The Wine Guys

January 24, 2014


For Pat 2014 marks 45 years since a part-time job in college marked the beginning of his exploration of the alcoholic beverage industry. The wine, spirits, and beer landscape has changed drastically since 1969 with an amazing evolution that today offers consumers an incredible variety of alcoholic beverages, ranging from value-priced wines and spirits to those priced for only the top one hundredth of one percent of earners today. Remembering this evolution brings clarity to where the beverage world is headed today.

Today the wine market is truly international with wines from countries like South Africa, Chile and Argentina are available and competitively priced as wines from California. Cordials and spirits from obscure parts of the world are widely available and small batch/small production bourbons, Tennessee whiskeys and ryes fill retailers’ shelves and tempt the pocketbook. Craft and seasonal beers offer a bewildering display in beer sections at local stores.

In 1969 the wine selection in most stores consisted of a selection of jug wines from producers such as Gallo, Italian Swiss Colony and Almaden. Some progressive stores may have carried Liebfraumilch or Zeller Schwartz Katz from Germany, or Lancers or Mateus roses from Portugal. Usually in major metropolitan areas one or two stores offered a limited supply of Burgundy and Bordeaux wines from France.

In the beer department Budweiser and Schlitz dominated beer sales with the two of them battling neck and neck for dominance. Local beers had begun their slide to oblivion as national brands with huge advertising dollars charged forward. Gin was the dominant white spirit, and American blended whiskeys such as Seagram’s 7, Four Roses, and Calvert dominated American brown whiskeys. Single Malt scotches were nowhere to be seen with blended scotch whiskies such as Cutty Sark, J and B, and Dewar’s representing the Scots.

Information about wine, sprits and beer was scarce. Few authoritative books existed, and wine articles in newspapers and magazines that are ubiquitous today rarely were published. This changed in the early 1980’s with the emergence of Robert Parker Jr. writing and publishing the Wine Advocate which offered no nonsense criticism of wines available in the market place. His policy of not accepting advertising , a easy to grasp 100-point grading system, and a spot on prediction that the 1982 Bordeaux vintage was monumental launched a new age of wine appreciation. Local community colleges offered wine appreciation courses that offered comparative tastings and a chance to share your tasting impressions with your classmates. We met during one of these courses and began our adventure of wine tasting and appreciation.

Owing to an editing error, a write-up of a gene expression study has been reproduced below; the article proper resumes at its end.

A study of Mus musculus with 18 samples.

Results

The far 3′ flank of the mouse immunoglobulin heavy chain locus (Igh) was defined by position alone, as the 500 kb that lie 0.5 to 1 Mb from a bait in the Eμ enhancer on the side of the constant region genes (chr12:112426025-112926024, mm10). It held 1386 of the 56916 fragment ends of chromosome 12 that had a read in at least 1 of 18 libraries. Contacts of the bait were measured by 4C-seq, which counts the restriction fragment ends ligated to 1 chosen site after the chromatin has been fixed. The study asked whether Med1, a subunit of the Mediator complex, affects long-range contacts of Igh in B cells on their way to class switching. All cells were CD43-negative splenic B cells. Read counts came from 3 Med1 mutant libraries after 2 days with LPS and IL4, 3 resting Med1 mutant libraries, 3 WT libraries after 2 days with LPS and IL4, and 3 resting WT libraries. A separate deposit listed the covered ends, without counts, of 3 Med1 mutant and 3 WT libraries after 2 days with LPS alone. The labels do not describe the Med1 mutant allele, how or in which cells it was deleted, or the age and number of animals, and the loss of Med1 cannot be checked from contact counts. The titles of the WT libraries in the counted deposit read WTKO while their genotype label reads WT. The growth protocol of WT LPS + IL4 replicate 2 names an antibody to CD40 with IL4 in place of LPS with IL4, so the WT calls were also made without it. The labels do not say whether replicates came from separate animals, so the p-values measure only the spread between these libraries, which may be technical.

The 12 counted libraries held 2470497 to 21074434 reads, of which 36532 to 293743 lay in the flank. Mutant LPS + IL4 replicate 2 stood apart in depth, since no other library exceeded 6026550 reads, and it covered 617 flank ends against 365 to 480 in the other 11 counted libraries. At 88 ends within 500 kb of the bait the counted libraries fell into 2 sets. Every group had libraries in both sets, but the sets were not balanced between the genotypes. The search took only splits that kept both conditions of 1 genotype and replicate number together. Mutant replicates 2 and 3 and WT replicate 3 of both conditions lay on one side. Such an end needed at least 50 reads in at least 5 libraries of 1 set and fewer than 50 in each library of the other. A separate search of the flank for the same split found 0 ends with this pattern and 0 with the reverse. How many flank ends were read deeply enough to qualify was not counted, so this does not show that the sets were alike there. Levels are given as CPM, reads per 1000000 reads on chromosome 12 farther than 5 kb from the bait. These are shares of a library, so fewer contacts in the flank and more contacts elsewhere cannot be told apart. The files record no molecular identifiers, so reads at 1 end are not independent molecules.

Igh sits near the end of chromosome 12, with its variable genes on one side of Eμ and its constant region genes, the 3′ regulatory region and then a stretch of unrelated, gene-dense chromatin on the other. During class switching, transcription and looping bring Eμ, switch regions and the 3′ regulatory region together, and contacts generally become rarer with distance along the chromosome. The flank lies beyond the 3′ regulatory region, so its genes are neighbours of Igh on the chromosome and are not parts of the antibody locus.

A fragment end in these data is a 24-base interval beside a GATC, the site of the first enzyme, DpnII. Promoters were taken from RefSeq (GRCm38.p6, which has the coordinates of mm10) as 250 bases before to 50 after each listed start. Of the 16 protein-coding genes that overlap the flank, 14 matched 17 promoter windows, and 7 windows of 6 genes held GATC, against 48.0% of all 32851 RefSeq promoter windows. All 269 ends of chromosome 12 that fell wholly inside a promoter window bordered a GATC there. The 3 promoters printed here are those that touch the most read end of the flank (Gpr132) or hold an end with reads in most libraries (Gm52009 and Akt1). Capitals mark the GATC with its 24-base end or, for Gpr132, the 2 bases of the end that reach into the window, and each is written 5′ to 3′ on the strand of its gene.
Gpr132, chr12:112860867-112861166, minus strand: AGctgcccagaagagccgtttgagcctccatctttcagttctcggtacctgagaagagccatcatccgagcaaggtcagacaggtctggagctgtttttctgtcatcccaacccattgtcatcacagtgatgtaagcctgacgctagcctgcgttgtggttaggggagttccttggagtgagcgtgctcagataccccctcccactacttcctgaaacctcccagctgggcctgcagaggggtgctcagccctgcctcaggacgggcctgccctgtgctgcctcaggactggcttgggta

Today wine articles and even beer and spirits columns appear in newspapers, food and wine magazines and blogs like ours which is available at Wine, spirits, and beer tastings are offered at many wine and spirits stores and often come with a presenter that can educate you on viticulture and vinification practices that shape the wine you are tasting. So if your New Year’s resolution is to broaden your wine, spirits, or beer education go for it. Sign up for a class at the community college, form a tasting group with your friends, buy a subscription to a wine publication such as the Wine Advocate , Wine Enthusiast, or the Wine Spectator. Above all enjoy the experience. Share your tipple of choice, and your table with friends and neighbors, few experiences will match the experience of a shared glass of wine, and a bite of food and a shared conversation.


Etude Pinot Noir Estate Carneros 2011 ($45). This is a classic, cool-climate pinot noir from the esteemed Estate Grace Benoist ranch in the Carneros region at the mouth of Napa and Sonoma Valleys. Ripe cherry and plum fruit nose and flavors in an elegant medium bodied package. This is a very nice expression of pinot noir. Bird Pinot Noir Marlborough Big Barrel 2012 ($28). Although New Zealand has made its name as a world-class producers of sauvignon blanc, more and more this island nation is producing some very intriguing pinot noir that deserve attention. This well made pinot noir exhibits delicious wild cherry fruit and a hint of white pepper that is well balanced and quaffable. Artesa Pinot Noir Carneros 2012 ($25).This is a very nice but not overblown pinot noir that still manages to exhibit good ripeness without over doing it. Delicious ripe strawberry flavors and a hint of oak in the nose and mouth create a nice impression that pleases the palate.

Guarachi Pinot Noir Sonoma Coast 2011 ($65). This is a beautifully elegant California pinot noir that balances minerality, fruit, and acidity in a wonderful package. The wine shows strawberry and cherry nose and flavors and a long pleasant finish. Try this beauty with pork, salmon, or chicken dishes. Impressive.